John Rae: A Powerful Advocate for Canadians with Disabilities

By Evra Taylor

In some instances, the quality of a person’s voice provides a clue to their personality. In the case of John Rae, a booming voice reflects an equally strong presence and a gripping message to boot. The 62-year-old Toronto native has devoted his life to representing blind and disabled Canadians as a speaker, writer and, most predominantly, as an advocate for the rights and abilities of people like himself.

At around age 5, Rae was diagnosed with retinitis pigmentosa.  He was subsequently told that his vision would remain constant but it didn’t. “Many doctors are unable or unwilling to tell patients the truth about their condition,” he says. “They feel their role is to cure their patients and they’re not able to deal with disabilities. As blind people, we’re not sick and we don’t need to be cured. What we do need are opportunities to succeed and alternative techniques to help us do so”.

Rae describes experiencing the characteristic stages of retinitis pigmentosa: loss of colour perception, night blindness, and gradual loss of vision, followed by complete loss of vision. He says that unlike many people in the same situation, he escaped the emotional trauma usually associated with vision loss. Instead, he has a practical mindset. He received only minimal orientation and mobility training and he feels strongly that this type of training should be a requirement for the vision-impaired and should be provided at an earlier age than it usually is.

One rarely talked-about issue regarding living with a vision impairment is important to Rae: that of an overprotective home environment and the inadvertent harm it can cause. When he found himself faced with this predicament, he chose to leave home to attend theUniversityofWindsorand gain his independence. Rae contends that it is important for parents to have high expectations of their children, “but many of us have had to fight to overcome the effects of over-protectiveness and having a sighted person to do things for us. Being able to advocate for yourself is a skill that stands a person in good stead in school, at work and in community life”.

While he studied history and political science, Rae’s true passion was law, until he realized that, “Perry Mason and the practice of law have very little in common”.  In addition, he explains, “It was more difficult to obtain books in alternate formats back then – in Braille, tape or audio form, for instance. Braille is a blind person’s road to literacy. If you’re studying law, where every comma can make a significant difference to the interpretation of a text, you’re going to need Braille”.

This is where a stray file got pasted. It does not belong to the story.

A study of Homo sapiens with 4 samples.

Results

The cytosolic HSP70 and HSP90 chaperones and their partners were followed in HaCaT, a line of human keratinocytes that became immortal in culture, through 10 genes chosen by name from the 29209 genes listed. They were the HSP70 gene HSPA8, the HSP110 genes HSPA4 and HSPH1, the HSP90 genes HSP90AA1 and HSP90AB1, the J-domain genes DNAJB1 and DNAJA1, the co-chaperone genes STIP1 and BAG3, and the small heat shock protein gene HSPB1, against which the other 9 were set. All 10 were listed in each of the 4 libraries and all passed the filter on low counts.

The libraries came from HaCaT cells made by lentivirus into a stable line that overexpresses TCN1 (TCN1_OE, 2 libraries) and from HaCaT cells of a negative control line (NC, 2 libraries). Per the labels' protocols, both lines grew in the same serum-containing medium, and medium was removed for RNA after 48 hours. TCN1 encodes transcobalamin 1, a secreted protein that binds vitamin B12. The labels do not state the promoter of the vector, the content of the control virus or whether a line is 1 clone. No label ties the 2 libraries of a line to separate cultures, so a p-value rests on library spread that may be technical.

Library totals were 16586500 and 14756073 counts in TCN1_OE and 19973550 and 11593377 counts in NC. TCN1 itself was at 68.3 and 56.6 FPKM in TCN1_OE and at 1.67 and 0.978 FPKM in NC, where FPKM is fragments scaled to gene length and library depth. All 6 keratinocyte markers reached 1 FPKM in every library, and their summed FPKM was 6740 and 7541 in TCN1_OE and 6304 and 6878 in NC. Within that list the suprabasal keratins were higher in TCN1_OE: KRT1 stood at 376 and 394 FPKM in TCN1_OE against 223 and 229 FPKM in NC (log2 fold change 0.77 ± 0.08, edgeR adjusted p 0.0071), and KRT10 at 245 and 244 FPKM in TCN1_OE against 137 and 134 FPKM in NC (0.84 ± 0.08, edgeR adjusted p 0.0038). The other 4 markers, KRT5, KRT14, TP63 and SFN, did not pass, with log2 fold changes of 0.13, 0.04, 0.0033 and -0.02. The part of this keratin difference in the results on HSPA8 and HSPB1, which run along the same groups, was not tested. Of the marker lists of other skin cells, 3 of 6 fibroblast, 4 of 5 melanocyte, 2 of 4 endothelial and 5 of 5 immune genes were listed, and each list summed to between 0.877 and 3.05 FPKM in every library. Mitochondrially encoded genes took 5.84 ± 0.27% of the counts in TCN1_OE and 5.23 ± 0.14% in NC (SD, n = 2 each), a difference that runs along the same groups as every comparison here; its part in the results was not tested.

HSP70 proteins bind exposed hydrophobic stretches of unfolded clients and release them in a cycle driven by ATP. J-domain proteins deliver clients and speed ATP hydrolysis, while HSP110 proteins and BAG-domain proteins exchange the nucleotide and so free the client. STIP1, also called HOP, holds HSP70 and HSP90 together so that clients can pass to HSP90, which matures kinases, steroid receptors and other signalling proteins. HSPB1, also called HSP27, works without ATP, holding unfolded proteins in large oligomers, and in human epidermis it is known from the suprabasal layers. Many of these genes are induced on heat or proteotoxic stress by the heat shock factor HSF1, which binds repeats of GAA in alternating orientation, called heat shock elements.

Rae retired from full-time paid work six years ago. However, true to his heartfelt calling, he relishes his career as a civil servant, an active union member and a community advocate. His vast experience included working forOntario’s Disability Support Program (ODSP), which reports to the Ministry of Labour, and the Employment Equity Commission. That was followed by several years with the Accessibility Directorate of Ontario. Currently Rae is a full-time volunteer board member and first vice-president ofAlliancefor Equality of Blind Canadians. He also serves as the first vice-chair of the Council of Canadians with Disabilities and is active with the Ontario Disability Support Program Action Coalition, an advocacy group that is seeking improvements toOntario’s social assistance program for individuals with disabilities. He focuses on policy work, speaking, writing and advocacy, trying to change the way in which blind people are portrayed.

Much of Rae’s time is focused on issues such as fighting poverty, access to information, and accessibility regarding web sites and transportation. “We’re trying to reduce barriers in our way. Unfortunately, new technologies have imposed several new barriers such as airport kiosks with touch screens which blind people cannot operate. On the plus side, a growing number of elevators have Braille or raised numbers and some ATM banking machines feature speech, allowing a blind person to bank independently”.

Rae is an avid traveller and has sojourned to 30 countries. He feels it is extremely important for blind individuals to travel. “Since we can’t see, we need to absorb the smells and sounds of a locale,” he explains. Rae also points out that because vision-impaired individuals cannot rely on photographs as travel souvenirs, travelling with a tour guide who talks a lot provides tremendous information about the locale. In the same vein, Rae loves touring art galleries and museums because each person viewing a work of art describes something different to him, allowing him to piece together his own picture.

This active spokesman encourages people to get involved with consumer groups and organizations for individuals with disabilities in their area. The Alliancefor Equality of Blind Canadians publishes the national magazine The Canadian Blind Monitor, available at the organization’s website: The publication profiles blind, deaf-blind and partially sighted individuals and serves as an inspiration for people of all circumstances to be the best they can be and to define success on their own terms.

Rae states emphatically: “Our advocacy movement is always in need of new workers. The greatest legacy of the disability rights movement is the ability to participate in policy development, making recommendations on a collective level that will affect our lives. On an individual level, I see the personal growth in individuals who have done that.”